Frost/Nixon Movie Review


Frost/Nixon is a pretty good movie, but a few modifications to the execution could have made this one much more than just a play adaptation. Peter Morgan adapted his own play into a screenplay, and this may be the problem. Morgan, an accomplished writer responsible for such quality films as The Queen and The Last King of Scotland, fell into that old trap of what works in a stage production may not work in the movies. While the interviews between Frost and Nixon are portrayed with conviction, the rest of the movie isn't particularly memorable.

While the crux of the story revolves around the actual interviews, Howard and Morgan spend a fair amount of time looking at the lead-up to the interviews, the research that went into them, Frost's naivety toward how strong of an opponent Nixon would be, and his struggles to secure a television deal. Unfortunately, none of these other elements are particularly well developed or interesting, leaving the film to rely almost entirely on the power of its last 20 minutes or so.

Thankfully, those last 20 minutes are pretty damn good. Howard dives into the heart of the interviews with gusto, and the performances by Michael Sheen and Frank Langella are superb. Their many exchanges, particularly the one near the end, are impressive and award-worthy. Sheen turns in his best performance to date, and Langella will almost certainly be nominated for an Oscar. Their performances are enhanced by Howard's ability to capture the actors' subtle expressions, especially Langella who embraces his Nixon character so wholeheartedly.

Still, the rest of the movie doesn't amaze... it just is. The movie looks nice and keeps you engaged, but most of the time it doesn't feel like an award-winner. Howard and Morgan suggest that Frost's career is on the line and that there is the possibility that the interviews will never see the light of day, yet I never felt the desperation of Frost or the anxiety of the other supporting characters. I still don't understand how the interviews were aired exactly. I would have liked to have more insight into the business operations - and the research involved. Both Sam Rockwell and Oliver Platt are wasted in their respective roles, and I still don't get what Matthew Macfadyen's character did throughout the course of the movie. Kevin Bacon also seems underused as a key player on Nixon's staff.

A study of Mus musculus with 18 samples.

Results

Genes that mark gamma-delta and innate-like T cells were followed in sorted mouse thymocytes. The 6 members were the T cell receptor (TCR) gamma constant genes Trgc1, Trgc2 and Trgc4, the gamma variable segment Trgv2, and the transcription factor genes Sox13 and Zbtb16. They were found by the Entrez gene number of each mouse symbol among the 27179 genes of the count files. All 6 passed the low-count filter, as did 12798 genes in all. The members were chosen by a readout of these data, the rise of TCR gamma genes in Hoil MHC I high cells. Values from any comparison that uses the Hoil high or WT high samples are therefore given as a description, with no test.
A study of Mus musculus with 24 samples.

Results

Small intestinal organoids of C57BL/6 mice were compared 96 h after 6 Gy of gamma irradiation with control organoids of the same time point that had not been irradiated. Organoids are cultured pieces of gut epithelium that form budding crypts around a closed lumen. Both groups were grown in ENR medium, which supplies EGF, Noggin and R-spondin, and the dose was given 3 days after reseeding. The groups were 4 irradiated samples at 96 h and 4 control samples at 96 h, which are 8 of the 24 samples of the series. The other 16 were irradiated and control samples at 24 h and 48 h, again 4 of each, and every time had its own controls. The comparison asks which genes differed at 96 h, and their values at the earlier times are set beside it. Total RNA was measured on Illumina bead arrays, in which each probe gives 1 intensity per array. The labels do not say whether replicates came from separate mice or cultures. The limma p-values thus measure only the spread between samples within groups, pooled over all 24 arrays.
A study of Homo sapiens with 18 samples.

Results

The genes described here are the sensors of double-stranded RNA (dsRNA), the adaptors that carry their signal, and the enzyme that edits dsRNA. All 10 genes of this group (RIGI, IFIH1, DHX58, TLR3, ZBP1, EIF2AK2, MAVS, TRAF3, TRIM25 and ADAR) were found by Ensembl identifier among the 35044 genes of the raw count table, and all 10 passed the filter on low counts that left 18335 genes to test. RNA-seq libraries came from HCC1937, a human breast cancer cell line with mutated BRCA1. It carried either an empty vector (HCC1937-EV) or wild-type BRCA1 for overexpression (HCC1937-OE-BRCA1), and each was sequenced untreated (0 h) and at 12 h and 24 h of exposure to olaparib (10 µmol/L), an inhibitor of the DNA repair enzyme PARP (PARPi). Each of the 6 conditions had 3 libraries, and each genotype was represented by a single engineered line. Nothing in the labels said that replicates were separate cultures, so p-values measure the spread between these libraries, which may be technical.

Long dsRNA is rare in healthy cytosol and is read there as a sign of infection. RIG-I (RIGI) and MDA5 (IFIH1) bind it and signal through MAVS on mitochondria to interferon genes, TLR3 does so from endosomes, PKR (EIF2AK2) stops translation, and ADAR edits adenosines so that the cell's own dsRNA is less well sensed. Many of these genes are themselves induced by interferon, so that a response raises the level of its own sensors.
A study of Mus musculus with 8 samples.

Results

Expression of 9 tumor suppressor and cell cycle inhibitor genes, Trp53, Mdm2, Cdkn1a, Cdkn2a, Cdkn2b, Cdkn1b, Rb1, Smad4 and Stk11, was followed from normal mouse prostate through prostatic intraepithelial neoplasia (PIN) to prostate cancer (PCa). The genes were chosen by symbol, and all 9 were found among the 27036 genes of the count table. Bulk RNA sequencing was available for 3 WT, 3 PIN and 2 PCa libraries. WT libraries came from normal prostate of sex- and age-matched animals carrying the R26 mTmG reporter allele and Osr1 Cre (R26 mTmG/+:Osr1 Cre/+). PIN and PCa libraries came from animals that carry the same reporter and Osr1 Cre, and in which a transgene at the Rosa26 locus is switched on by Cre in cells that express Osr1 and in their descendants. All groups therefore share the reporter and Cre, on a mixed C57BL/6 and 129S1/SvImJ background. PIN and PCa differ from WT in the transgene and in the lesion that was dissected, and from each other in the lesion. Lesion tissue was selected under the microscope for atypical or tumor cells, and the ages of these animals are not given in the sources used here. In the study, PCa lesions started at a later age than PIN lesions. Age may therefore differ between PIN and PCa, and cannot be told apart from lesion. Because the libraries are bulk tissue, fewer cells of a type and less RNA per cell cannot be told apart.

What really doesn't work is Howard's decision to treat the film, at random times, like a documentary. The various characters in the film talk to the camera in hindsight, docu-style interviews to explain what is happening and provide narrative; I've never liked this approach and never will. It's a cheap convention, presumably taken from the stage play, that is used to say what's going on without showing us - which is what a movie is supposed to do. Howard practically killed the movie for me with this tactic.

Frankly, Frost/Nixon would have been better as a three-hour epic directed by Michael Mann or something of the like. I would have dug my nails into the stuff that brought the Frost/Nixon interviews to light and truly develop the characters and stories that went into making everything happen. I would have also pitted Frost's team against Nixon's team and show their preparation efforts to debunk Frost. More than anything else, I would have made us feel the pain and suspense that the Frost team endured leading up to the interviews. As such, Frost/Nixon is just a very good play adaptation, but nothing more.

Despite my complaints, Frost/Nixon is a compelling, well-acted teleplay. But it is limited by what it is, and can never be the amazing picture that such a story has the ability to be. Recommended, but don't listen to the fabricated buzz surrounding the picture.

Review by Erik Samdahl unless otherwise indicated.